Building Ncat Portable for Windows

Background

I used to use telnet for testing if the firewall working properly in the office. Telnet is good for simple test, but when comes to testing a large number of destination IP and ports it will be very time consuming. After searching on the Internet I found Netcat, a tool for testing connection. It is build-in in most Linux OS but not on Windows. So I found Ncat here as part of the Nmap for Windows by nmap.org, but too bad that it won’t execute on some Windows as it requires Microsoft Visual C++ Redistributable Package installed.

A Ncat portable is an alternative, but the website only provided a beta version of Ncat 5.59BETA1, and require you to compile your own if you would like a newer version.

They did provide a documentation on how to compile Ncat with static linking library, but if you follow the steps you will encounter a few problems which you have to troubleshoot yourselves.

So here is my steps on compiling Ncat portable after I had gone through all the trouble.If you are someone who can edit the documentation on secwiki.org, please do that for me as I don’t want to get an extra account for just editing the document :)

If you want to avoid the trouble to compile, you can download the Ncat which I compiled here, however use it at your own risk as I might have inject some malware inside :)

Building Ncat Portable for Windows

Environment

The following steps has been tested using the following environment:

Steps

  1. First, follow all steps on the original documentation at https://secwiki.org/w/Nmap/Ncat_Portable till you copied the resulted static libs and include files from “C:\OpenSSL” to the “mswin32\OpenSSL” directory in the Nmap source tree in step 5. Below is a screenshot of the original documentation in case it is edited at the time you read this article.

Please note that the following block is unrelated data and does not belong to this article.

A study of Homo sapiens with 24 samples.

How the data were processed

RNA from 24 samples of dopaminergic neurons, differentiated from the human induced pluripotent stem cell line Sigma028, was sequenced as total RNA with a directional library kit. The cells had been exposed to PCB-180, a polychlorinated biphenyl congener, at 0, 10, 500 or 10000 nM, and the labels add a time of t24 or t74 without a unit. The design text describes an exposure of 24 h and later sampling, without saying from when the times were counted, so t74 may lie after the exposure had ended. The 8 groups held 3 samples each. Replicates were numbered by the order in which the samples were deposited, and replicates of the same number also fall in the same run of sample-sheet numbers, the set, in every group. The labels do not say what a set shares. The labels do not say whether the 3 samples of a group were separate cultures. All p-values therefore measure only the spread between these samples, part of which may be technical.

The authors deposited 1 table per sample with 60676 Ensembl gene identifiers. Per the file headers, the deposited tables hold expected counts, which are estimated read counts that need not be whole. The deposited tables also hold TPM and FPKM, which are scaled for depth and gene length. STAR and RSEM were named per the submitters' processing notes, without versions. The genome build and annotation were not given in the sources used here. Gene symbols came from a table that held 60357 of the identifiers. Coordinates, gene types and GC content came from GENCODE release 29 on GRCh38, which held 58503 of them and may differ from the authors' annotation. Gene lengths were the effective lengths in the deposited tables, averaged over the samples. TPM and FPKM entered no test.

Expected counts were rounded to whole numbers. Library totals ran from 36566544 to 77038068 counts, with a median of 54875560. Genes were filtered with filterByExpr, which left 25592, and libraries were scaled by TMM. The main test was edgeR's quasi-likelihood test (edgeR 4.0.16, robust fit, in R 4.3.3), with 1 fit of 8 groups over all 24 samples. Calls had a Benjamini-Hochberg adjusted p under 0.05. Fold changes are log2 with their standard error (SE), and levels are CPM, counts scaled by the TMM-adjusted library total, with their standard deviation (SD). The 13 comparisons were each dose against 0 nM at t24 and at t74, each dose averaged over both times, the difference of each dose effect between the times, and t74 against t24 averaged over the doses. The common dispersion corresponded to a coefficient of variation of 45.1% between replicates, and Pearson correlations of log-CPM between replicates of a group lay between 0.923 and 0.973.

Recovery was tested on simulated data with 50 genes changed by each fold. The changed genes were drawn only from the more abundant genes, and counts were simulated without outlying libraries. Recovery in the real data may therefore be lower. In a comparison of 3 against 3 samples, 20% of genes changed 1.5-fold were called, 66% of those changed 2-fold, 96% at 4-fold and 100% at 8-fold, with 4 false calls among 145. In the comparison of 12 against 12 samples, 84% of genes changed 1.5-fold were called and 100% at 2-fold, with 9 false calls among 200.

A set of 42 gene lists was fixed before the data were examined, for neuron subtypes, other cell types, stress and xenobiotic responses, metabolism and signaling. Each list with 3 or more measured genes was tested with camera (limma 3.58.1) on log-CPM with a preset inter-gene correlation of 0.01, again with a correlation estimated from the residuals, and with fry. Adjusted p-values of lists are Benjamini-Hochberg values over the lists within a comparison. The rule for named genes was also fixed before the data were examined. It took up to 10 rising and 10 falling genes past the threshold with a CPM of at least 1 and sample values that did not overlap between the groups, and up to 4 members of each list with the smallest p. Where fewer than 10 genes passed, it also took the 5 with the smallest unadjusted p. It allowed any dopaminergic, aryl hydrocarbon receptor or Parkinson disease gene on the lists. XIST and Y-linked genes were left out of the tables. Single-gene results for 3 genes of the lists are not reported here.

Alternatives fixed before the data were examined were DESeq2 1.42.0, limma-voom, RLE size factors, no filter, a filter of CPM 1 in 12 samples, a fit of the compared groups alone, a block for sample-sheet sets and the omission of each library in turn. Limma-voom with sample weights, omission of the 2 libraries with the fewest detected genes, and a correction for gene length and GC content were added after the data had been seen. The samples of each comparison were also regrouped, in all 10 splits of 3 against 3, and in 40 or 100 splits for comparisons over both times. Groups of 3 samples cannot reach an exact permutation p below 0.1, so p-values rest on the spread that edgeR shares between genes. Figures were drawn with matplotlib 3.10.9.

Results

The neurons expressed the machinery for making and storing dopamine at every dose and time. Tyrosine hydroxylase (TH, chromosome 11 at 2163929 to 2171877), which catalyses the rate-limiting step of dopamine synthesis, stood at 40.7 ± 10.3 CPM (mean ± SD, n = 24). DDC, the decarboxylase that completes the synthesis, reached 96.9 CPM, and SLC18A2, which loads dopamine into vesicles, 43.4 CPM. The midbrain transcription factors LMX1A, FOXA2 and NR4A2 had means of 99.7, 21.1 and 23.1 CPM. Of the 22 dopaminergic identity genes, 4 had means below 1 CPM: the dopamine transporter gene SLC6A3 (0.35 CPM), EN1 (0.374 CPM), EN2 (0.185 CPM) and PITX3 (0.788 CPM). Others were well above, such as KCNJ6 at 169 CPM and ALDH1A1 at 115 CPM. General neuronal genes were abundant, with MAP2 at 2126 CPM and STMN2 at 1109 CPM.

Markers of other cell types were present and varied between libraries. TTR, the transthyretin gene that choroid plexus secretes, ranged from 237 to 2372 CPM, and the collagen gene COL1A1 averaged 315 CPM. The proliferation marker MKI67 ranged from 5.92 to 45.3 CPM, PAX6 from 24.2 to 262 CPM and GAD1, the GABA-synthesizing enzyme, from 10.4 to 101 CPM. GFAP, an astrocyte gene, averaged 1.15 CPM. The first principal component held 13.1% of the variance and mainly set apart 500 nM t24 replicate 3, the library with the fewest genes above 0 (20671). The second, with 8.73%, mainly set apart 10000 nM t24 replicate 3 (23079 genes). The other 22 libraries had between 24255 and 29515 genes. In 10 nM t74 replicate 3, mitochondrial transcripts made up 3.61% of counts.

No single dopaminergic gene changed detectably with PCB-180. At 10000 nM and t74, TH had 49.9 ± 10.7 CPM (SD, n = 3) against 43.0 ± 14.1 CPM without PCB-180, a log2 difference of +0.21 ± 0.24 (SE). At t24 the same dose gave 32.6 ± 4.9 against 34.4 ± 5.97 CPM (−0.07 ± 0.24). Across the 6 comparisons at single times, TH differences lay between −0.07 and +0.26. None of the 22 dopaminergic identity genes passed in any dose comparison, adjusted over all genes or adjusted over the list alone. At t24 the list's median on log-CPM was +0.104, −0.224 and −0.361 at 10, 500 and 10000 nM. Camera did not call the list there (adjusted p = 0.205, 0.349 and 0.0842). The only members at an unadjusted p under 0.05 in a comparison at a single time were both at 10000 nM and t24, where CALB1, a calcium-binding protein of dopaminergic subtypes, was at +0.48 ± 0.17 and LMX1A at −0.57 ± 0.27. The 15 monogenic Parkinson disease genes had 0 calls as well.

Building Ncat Portable
  2. Assuming that everything went fine till now, you’re about 7 steps away from building Ncat portable.
    1. Open Nmap solution in Visual Studio from mswin32\nmap.sln and switch the build configuration to “Ncat Static” like so:
      1. Right click on Solution “nmap” in the Solution Explorer sidebar and choose “Configuration Manager“.
      2. Switch the active solution configuration to “Ncat Static“. Check the “Build” check box for project “liblua“. Make sure that the nsock, nbase and ncat projects have switched to the “Static” configuration also. Then close the “Configuration Manager”.
      3. Right click on the ncat project and select “Set as StartUp Project“.
    2. Right click on the “nsock” project in Visual Studio and click “Properties“. In “Configuration Properties” > “General” > “C/C++” > “General“, in “Additional Include Directories“, add path “..\mswin32\OpenSSL\include
    3. Right click on the “ncat” project in Visual Studio and click “Properties“. In “Configuration Properties” > “General” > “C/C++” > “General“, in “Additional Include Directories“, add path “..\mswin32\OpenSSL\include” and “..\liblua
    4. Right click on the “ncat” project in Visual Studio and click “Properties“. In “Configuration Properties” > “General” > “Linker” > “General“, in “Additional Library Directories“, add path “..\mswin32\OpenSSL\lib
    5. Expand the “ncat” project, double click the file “ncat_ssl.c” and comment out the line “#include <openssl/applink.c>
    6. Right click on the “liblua” project in Visual Studio and click “Properties“. In “Configuration Properties” > “General” > “C/C++” > “Code Generation“, set “Runtime Library” to “Multi-threaded DLL (/MD)
    7. Right click on the “ncat” project in Visual Studio and click “Build“. Alternatively you can press the F7 key to start building.